Student debt recently surpassed total credit card debt. Payments can be delayed through graduate school enrollment; and the accrual of more debt.
“Making loans accessible to millions of the previously unbankable customers is a noble goal. Getting them hooked to such loans isn’t.”
College debt is erroneously thought of as a burden of the undergraduate student alone. But, in a March 2014 Policy Brief from the New America Education Policy Program, “The Graduate Student Debt: The State of Graduate Student Borrowing,” Jason Delisle outlines an ominous picture of the debt borne by graduate students studying everything from anthropology to zoology, with a stop at medicine. The total student debt for all borrowers tops a trillion dollars, and over 7 million students are in default according to the Consumer Financial Protection Bureau.
A recent New Yorker cartoon depicts two “wise guys” at the front door of an unsuspecting student borrower’s home captioned, “We’re from student loans – we came to repo your B.A.” But that won’t happen. Student loans survive bankruptcy because the “product” can’t be repossessed. It is an experience. As my father-in-law used to say as an encouragement, “An education can never be taken away.” This was not intended to be a bulwark against a credit agency but a well intended and, until 30 years ago, accurate perspective of the value of an education.
And these burdened borrowers are not just undergraduates. The truth, according to Delisle, is that in 2012 the combined undergraduate and graduate debt of the highest 10% of the debt encumbered population avergaes over $153,000, and the median balance is $57,600. The increases since 2004 are dramatic when the top 10% owed $118,442,000 and the average was $40,209.
The relationship between various degrees and debt accrued is not in line with economic reality. For example, Delisle shows that degree debt for a master of education, usually leading to a relatively modest paying job as a school teacher, averages $50,879. But, for an MBA, which traditionally led to higher paying employment in the private sector, the average was $42,000. Clearly some of the differences are attributable to the amount of financial aid and assistantship support to students in diverse fields of study.
The debt in medicine averages $162,000, but traditionally such debt yielded a high-paying job as a physician. Five percent of all graduate degrees fall into medicine and health sciences, 11% in MBA programs, and 16% in the Master of Education.
The typical monthly payments on these debts are shocking to the uninitiated. For example, the average borrower for a master of education pays back a thankfully modest $259 per month, but it climbs quickly to over $1,000 a month for those with a degree in medicine: In both cases with monthly payments for a professional lifetime.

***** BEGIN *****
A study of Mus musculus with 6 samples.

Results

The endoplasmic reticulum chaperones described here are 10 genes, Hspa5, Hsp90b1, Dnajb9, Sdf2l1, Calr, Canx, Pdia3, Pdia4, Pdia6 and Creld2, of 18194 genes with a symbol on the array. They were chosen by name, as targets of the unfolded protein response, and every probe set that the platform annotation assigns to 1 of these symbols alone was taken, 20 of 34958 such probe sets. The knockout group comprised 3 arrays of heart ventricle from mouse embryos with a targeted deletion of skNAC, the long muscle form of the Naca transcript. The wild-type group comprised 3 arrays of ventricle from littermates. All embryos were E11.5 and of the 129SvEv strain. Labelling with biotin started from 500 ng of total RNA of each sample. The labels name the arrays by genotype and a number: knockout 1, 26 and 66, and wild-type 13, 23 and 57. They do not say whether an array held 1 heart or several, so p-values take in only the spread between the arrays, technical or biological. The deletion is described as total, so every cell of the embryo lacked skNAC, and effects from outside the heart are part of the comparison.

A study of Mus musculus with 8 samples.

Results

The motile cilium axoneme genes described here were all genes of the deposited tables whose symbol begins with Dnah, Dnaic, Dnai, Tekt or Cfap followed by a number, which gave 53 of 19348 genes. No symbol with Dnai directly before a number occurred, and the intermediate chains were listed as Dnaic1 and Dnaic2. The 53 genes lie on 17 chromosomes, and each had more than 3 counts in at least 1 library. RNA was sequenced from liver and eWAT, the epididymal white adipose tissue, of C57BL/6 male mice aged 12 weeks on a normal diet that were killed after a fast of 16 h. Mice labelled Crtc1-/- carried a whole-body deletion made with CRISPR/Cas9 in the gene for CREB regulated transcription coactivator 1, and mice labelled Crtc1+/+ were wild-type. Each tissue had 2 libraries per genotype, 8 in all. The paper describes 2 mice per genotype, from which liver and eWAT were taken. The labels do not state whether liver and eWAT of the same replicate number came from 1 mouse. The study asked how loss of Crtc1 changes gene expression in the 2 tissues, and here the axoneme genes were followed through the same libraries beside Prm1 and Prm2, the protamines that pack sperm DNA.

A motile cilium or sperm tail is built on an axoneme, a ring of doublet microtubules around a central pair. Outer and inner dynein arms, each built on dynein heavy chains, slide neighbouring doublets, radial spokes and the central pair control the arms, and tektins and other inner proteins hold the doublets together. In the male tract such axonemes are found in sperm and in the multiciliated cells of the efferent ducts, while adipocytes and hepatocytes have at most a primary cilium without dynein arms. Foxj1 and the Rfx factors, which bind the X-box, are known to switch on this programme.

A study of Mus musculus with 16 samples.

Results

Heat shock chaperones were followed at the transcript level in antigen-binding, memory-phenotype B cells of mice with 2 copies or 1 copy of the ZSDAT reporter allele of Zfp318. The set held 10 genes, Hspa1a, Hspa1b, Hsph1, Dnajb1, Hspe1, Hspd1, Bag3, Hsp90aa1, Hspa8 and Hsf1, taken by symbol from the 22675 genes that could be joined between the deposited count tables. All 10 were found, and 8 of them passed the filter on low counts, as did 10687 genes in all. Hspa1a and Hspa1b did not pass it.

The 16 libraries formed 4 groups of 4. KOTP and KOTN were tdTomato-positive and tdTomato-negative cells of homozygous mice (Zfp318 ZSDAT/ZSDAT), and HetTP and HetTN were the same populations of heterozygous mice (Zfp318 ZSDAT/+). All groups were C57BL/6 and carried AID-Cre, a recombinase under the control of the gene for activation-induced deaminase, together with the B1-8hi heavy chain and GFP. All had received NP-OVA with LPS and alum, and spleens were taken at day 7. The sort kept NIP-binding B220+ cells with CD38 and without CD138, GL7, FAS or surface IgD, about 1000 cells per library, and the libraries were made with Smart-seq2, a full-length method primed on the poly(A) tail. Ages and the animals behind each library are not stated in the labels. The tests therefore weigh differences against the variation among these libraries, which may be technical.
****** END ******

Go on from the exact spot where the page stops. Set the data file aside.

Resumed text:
And what about the cost-benefits?
The debt for an educational experience is not the individual’s alone. Study in medicine is heavily subsidized. In 1995 a military medical education costs at the Uniformed Services University of the Health Sciences was $3.3 million for each physician, according to a June 22, 2012, report by Mark Thompson on Time.com. Maybe military educational effectiveness is 50% compared to the state university near your home. Even at 1995 rates, $1.65 million is high. The average cost to the student to become an M.D. in a civilian setting is $275,000, a fraction of any total cost — public, private, or military. It is difficult to find reliable facts precisely because the costs are so alarmingly high to both individual and state.
Transparency regarding the accumulation of debt, and honesty regarding costs and benefits to student and state for undergraduate and graduate education, is essential.
Social understanding of cost/benefit must be part of the graduate education cost equation.
The looseness of politically motivated, cost-indifferent, loan programs carries a share of the blame. Endless optimism on the part of students and parents adds fuel to the fire. Policy pronouncements regarding the ultimate long-term value of a college degree, while sometimes well-intended, are too frequently campaign promises founded on partially incomplete analysis and understanding, and buoyed by the intoxicating combination of hype and hope.
Our universities owe both students and the greater community more. They have a social obligation for full disclosure of costs and benefits in educating professionals who eventually tend to the needs of society.